Sunday afternoons in Texas during the fall hold magical memories for me. The pleasant weather extends an invitation to so many things to enjoy. One of my favorite activities as a kid was to jump on my motorcycle and toss my helmet to the side, allowing my hair to blow in the wind, and ride... just ride, until the sun set. It was a time of pure joy, freedom, and escape.
I was around fifteen years old when I experienced painful consequences of being out of control. The neighborhood gang and I built a cart to be pulled behind one of our motorcycles. The steering was primitive but adequate if the speed remained reasonable. As in so many other areas of life, the limits had to be tested to know at what speed the steering best performed. As the only girl and the only one brave enough, I occupied the seat as test pilot when the sound barrier was broken, as well as the cart, tumbling end over end. I slid across the gravel road like a rag doll being slung around in the hands of a young girl. The point of destruction was discovered but to no good end or purpose. The cart was never useful again, and my entire right side displayed raspberries upon raspberries. I bear the scars to this day as a reminder to think before acting.
The go-cart possessed inherent problems by design. The pleasant afternoon which held the excitement of adventure and tested the bravery of those involved could not change the faulty design. The design intended for the cart to be pushed, not pulled. When pulled, the steering was useless. Only the one driving the motorcycle controlled the direction of the cart, and that control was only by slinging it from side to side.
I've thought about our faulty design many times over the years. I recall learning many life lessons through those brief moments of decision. The most impactful lesson I have learned is the awareness that there is an engine that powers this life. We live in a culture that likes to pull, resulting in chaos, accidents, and destruction. Our culture pulls toward misuse and abuse of what it means to be a "Christian." That term is no longer reserved for those who follow Jesus and His teachings. The church has seen the cultural pull toward redefining the meaning of love, faith, and the commands of God. The life of a typical "Christian" is mostly self-serving. We seek after the gift and not the Giver. We desire fame and fortune instead of desiring the Famous One. We chase the American dream as though, with the attainment of it, we will possess life. Our greatest fear has become discomfort, which has developed a craving for the comfortable. The church looks to the culture for approval and acceptance. This is clearly seen in the growing number of churches that preach an empty gospel.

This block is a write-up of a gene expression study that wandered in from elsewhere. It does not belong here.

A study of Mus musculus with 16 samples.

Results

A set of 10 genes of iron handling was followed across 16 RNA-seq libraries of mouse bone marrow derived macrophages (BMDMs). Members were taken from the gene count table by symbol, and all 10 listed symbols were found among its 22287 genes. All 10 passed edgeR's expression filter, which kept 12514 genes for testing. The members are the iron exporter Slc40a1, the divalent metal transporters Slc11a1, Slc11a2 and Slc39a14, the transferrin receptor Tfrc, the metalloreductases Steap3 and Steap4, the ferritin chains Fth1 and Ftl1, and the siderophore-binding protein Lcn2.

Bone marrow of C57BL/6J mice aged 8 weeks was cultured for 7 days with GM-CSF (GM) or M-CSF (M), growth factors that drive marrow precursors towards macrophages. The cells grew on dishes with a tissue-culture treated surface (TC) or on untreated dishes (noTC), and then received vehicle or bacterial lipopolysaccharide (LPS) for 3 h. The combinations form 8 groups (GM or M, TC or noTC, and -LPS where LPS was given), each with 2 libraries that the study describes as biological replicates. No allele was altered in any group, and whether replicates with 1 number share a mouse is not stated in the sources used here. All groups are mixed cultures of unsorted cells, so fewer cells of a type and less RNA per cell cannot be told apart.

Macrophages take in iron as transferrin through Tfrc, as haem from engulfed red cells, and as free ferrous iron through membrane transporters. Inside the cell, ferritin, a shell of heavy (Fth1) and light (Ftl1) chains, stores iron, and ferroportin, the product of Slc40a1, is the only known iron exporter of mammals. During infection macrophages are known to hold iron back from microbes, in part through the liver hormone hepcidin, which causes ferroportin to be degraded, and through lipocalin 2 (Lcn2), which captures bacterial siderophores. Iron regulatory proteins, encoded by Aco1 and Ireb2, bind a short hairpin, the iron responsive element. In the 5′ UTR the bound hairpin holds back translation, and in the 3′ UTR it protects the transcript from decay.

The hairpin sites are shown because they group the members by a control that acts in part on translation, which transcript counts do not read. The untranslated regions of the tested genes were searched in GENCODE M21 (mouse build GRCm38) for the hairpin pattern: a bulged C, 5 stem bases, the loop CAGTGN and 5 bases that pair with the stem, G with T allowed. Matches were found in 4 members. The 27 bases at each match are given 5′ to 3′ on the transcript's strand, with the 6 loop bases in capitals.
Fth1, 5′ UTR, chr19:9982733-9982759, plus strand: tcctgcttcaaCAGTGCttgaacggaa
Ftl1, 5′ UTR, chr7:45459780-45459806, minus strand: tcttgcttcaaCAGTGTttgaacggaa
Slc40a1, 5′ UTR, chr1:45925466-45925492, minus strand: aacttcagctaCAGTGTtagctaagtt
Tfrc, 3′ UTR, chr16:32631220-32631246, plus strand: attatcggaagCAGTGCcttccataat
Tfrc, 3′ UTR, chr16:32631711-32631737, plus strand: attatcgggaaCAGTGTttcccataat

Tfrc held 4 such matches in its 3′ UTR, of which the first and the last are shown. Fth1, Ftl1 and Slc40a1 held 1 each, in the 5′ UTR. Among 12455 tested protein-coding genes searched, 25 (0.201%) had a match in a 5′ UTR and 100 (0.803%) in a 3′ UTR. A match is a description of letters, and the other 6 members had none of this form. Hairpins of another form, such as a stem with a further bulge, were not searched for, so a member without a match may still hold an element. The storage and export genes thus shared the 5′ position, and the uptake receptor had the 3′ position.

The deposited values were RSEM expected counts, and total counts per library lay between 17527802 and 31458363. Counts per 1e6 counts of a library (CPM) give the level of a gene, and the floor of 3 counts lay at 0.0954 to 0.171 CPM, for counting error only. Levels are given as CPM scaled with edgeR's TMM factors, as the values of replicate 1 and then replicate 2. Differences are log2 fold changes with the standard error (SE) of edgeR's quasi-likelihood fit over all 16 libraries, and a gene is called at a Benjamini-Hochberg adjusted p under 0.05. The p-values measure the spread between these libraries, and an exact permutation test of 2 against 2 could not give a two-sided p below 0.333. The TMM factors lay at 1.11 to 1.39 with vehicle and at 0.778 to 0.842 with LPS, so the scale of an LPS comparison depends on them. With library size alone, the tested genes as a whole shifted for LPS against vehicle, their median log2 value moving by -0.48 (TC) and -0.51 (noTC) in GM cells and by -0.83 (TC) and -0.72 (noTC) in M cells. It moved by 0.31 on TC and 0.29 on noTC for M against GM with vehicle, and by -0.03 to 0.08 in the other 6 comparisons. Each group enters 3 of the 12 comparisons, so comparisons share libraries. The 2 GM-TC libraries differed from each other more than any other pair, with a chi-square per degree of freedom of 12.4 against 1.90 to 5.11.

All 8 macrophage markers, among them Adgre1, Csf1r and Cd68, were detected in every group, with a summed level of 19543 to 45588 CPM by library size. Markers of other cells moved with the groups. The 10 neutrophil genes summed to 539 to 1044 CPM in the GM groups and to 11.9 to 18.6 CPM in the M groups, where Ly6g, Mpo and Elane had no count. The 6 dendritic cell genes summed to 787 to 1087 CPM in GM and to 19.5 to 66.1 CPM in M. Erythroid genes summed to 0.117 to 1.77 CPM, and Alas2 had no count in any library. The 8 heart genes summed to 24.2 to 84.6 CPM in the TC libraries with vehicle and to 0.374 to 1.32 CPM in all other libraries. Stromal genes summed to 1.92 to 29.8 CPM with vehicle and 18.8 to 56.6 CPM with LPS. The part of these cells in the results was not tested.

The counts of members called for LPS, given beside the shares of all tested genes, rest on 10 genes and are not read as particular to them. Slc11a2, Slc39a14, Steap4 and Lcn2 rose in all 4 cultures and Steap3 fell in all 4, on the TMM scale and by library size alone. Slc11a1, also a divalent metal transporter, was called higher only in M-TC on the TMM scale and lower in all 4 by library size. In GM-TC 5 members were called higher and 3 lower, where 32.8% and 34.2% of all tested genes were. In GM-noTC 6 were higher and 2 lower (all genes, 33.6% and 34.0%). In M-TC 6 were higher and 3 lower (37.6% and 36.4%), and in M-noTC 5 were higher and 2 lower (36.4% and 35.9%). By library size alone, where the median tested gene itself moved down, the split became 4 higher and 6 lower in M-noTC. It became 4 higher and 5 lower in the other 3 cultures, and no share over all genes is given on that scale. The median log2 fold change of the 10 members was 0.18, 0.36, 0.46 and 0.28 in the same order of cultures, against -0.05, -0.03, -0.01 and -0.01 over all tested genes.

The problem with this is that few are reached with the Gospel when God's people do not know how to be God's people. God's people have become a people being pulled by the culture at a dangerous speed. Pump the brakes!
Let's idle here for a minute and talk about the word "faith." Faith is defined by most as a "belief system" - a list of things one believes. From God's point of view, faith is not an admission of His existence or accumulation of facts about Him but as a complete trust in His words and following them out of that trust. Faith is a gift from God and our response to His Word. It is not merely a recognition of His existence. The natural response of faith, to those watching us, looks like obedience to His commands. It is time we as the Church start doing the pulling. In light of God's call to action, it is time to partner with the Holy Spirit in pulling the lost away from the darkness and into His marvelous light. Will we allow our steering to be faulty? Or will we submit to God's perfect design for us as His disciples?
Faith is the engine of Life.
"Go make disciples...
of all Nations, baptizing them in the name of...
the Father and the Son and the Holy Spirit...
teaching them to observe all that Jesus commanded."